2003 OPEN FORUM Abstracts
Ventilator Self-triggering Masquerades as Brainstem Activity ? A CASE REPORT
Charles G. Durbin, Jr,., MD, Brian Walsh, RRT, Michelle Dumont, RRT, University of Virginia Health Systems, Charlottesville, VA
INTRODUCTION: Absence of all brainstem activity, including absence of breathing, is an essential part of determining brain death. Some modes of ventilation may inhibit this determination. We report a case of a brain dead individual in whom pressure support ventilation was able to support normal gas exchange of over period of more than 4 hours.
CASE: A 30 year old man was transferred to the University Hospital in coma following a two week course of declining mental status. He had a normal lumbar puncture and CT scan. An MRI showed hypothalamic edema. His admission exam showed intact corneal reflexes, doll's eyes, normal oculocephalic reflexes and a normal respiratory drive. He was non-responsive to verbal or painful stimuli and was areflexic throughout. He was empirically treated. He was intubated and maintained on PSV delivered with flow-triggering by a Puritan Bennet 840 ventilator. His condition declined with loss of brainstem reflexes and development of hemodynamic instability.
On IMV (with PSV) he occasionally self-triggered breaths indicating some minimal brain stem function. 24 hours later, he was without any evidence of spontaneous ventilations. During assessment for brain death, he was placed on an IMV rate of 4 and his PaCO2 was allowed to rise. He began spontaneous ventilations when he reached a pH of 7.32 and PaCO2 of 53. With absence of other brain activity and brain death eminent, we continued PSV (8cm H20) alone and monitored spontaneous respiratory rate. About 2 hours later, apnea occurred. IMV was instituted and the patient was ventilated over night. At 4 am the clinicians noted that the patient appeared to be occasionally triggering the ventilator. He was placed on PSV (flow-triggering, sensitivity of 0.5L/min) alone and had an apparent spontaneous rate of 12-14 breaths per minute. On this setting the following gas was obtained: PaO2 = 117, PaCO2 = 38, pH = 7.44. Next morning, he was receiving PSV and had a spontaneous rate of 12 to 16 breaths/min. On examination, there was no movement of the chest wall nor negative defection of the pressure-flow curve preceding each "spontaneous" breath. When the sensitivity of flow-triggering was decreased (2 L/min) the patient became apneic. After several minutes of observed apnea, the PaO2 = 100, PaCO2 = 76, pH 7.21. A complete neurologic examination confirmed brain death.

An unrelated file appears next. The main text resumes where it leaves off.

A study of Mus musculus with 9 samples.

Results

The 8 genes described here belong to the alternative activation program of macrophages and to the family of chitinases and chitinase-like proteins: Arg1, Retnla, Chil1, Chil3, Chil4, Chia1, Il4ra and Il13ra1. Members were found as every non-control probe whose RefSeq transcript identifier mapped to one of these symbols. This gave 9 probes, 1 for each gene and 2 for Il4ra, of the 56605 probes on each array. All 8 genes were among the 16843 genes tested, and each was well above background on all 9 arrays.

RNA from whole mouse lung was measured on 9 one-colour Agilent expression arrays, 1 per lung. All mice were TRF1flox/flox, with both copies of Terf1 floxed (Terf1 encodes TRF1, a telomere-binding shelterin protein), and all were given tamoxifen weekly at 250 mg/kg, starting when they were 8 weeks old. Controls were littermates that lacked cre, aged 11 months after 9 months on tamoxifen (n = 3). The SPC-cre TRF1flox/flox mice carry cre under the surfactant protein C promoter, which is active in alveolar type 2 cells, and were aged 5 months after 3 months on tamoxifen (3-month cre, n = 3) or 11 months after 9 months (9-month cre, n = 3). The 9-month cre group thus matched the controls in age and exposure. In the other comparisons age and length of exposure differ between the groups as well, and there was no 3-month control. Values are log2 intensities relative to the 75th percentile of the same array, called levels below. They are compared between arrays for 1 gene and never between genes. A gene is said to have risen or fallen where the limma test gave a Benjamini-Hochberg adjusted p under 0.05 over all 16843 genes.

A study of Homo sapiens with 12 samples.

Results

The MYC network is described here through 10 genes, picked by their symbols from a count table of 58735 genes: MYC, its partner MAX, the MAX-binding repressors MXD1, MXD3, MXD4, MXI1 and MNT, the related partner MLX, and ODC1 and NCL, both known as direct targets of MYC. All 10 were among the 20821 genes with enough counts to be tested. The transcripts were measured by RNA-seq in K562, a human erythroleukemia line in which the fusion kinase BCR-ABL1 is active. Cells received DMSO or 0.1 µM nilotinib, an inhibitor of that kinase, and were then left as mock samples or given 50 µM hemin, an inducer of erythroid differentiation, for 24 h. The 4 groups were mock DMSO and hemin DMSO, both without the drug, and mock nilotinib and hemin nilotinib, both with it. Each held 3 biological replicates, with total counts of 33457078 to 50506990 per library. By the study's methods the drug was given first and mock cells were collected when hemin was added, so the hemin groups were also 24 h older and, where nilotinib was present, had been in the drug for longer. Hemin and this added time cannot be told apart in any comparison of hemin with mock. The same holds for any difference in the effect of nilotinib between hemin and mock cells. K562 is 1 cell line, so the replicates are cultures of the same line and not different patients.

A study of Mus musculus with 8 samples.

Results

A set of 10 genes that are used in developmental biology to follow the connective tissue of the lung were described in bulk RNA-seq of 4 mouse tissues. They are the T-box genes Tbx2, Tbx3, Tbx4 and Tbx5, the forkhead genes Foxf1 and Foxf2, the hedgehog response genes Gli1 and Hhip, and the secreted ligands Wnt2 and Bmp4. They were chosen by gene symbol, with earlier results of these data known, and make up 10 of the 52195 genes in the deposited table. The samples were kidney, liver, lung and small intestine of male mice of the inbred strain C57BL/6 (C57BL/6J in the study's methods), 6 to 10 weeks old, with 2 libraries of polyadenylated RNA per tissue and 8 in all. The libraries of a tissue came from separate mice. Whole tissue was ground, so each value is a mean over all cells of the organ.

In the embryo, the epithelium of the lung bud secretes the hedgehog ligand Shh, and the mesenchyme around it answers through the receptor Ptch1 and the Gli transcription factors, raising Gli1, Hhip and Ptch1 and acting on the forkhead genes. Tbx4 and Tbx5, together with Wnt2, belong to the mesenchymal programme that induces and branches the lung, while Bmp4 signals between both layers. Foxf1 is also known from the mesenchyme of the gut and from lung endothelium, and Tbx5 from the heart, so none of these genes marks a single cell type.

DISCUSSION: The advent of flow-triggering has increased the ability of the mechanical ventilator to match patient demand for gas flow. This has lowered the work of breathing considerably allowing patients who would otherwise be unable to breathe spontaneously to do so. The increased sensitivity may also be a problem in that slight movement of air in the patient's tracheobronchial tree or ventilator circuit may result in delivery of an unneeded ventilator breath. While we are not sure of the exact mechanism responsible for triggering a PS supported breath in our patient, we believe that cardiac activity may have been responsible. The patient was slender and receiving pressors and the ventilator rate was approximately 1/3 of the cardiac rate. Transmitted cardiac pulsations may have created enough air flow in the trachea to trigger a PSV breath. We believe that setting the sensitivity of the flow-triggering at such a low minute flow (0.5L/min) was a contributing factor and that sensitivity need not be less than 2 L/min when using the PB 840 ventilator in adult patients with reasonable muscle strength and especially during apnea testing.